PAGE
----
West Law Report

When judicial error in EC law gives rise to damages

Posted in Times Law Report by mrkooenglish on October 19, 2008

From The Times
October 7, 2008
When judicial error in EC law gives rise to damages
Chancery Division
Published October 7, 2008
Cooper v Attorney-General
Before Mr Justice Plender
Judgment September 30, 2008

A judicial error in the application of European Community law would not create liability for damages unless it was a manifest infringement of the applicable law.

Mr Justice Plender so held in the Queen’s Bench Division when dismissing a claim by Stephen Cooper against the Attorney-Gener-al for an award of damages on the ground that the court of last instance had made an error in the application of Community law. The claim concerned two judgments of the Court of Appeal on December 21, 1999, and June 12, 2000, in refusing the Council for the Protection of Rural England, of which the claimant was a trustee of its London branch, judicial review of certain decisions by Hammersmith and Fulham London Borough Council.

Mr Charles Béar, QC and Mr James McClelland for Mr Cooper; Mr Philip Sales, QC, Mr James Maurici and Mr Richard Honey for the defendant.

MR JUSTICE PLENDER said that the proceedings were the first of their kind in the United Kingdom and were based on a cause of action recognised by the European Court of Justice in Köbler v Republik Österreich (Case C-224/01) ([2004] QB 848).

His Lordship stated that he did not find it particularly helpful to compare the gravity of error made by one court with that of another for the purpose of determining whether a court had been guilty of a manifest infringement of Community law. He deduced from Köbler, Traghetti del Mediterraneo SpA v Repubblica Italiana (Case C-173/03) ([2006] ECR I-5177 and Gestas, an as yet unreported case of the French Conseil d’État, May 19, 2008, that member states had to make good damage caused by individuals by infringements of Community law for which they were responsible, even where the infringement stemmed from a decision of a court adjudicating at last instance, provided that three conditions were met: (i) the rule of law infringed must be intended to confer rights on individuals; (ii) the breach must be sufficiently serious and state liability could not be confined only to cases concerning intentional fault or serious misconduct; and (iii) there must be a causal link between the breach of obligation and the loss or damage sustained by the parties.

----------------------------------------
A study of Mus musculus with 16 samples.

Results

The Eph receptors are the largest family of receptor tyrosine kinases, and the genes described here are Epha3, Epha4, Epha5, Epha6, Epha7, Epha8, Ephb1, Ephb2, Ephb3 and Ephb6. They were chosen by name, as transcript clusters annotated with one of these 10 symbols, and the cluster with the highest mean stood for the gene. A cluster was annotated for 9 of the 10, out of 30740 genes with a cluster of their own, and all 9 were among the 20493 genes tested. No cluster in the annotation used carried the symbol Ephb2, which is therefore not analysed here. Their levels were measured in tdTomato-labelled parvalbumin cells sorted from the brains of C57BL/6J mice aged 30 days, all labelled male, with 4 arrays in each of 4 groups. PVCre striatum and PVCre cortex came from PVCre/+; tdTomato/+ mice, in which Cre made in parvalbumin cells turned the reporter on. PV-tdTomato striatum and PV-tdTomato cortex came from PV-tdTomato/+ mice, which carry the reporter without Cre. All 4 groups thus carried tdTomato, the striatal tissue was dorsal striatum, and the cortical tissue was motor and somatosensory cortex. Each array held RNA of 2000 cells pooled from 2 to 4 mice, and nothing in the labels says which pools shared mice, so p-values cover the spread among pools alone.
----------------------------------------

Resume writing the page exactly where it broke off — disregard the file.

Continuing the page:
His Lordship also stated that claims based on the Köbler cause of action were to be reserved for exceptional cases involving errors that were manifest.

In making an assessment on that point, account must be taken of the specific characteristics of the judicial function, which required a judgment of the interpretation of provisions capable of bearing more than one meaning.

In the circumstances of this case, it was held that the claimant had failed to meet the standard required to constitute a manifest infringement of the applicable law. The two decisions of the Court of Appeal had not disclosed any manifest error so as to give rise to liability pursuant to Köbler.

Solicitors: Richard Buxton, Cambridge; Treasury Solicitor.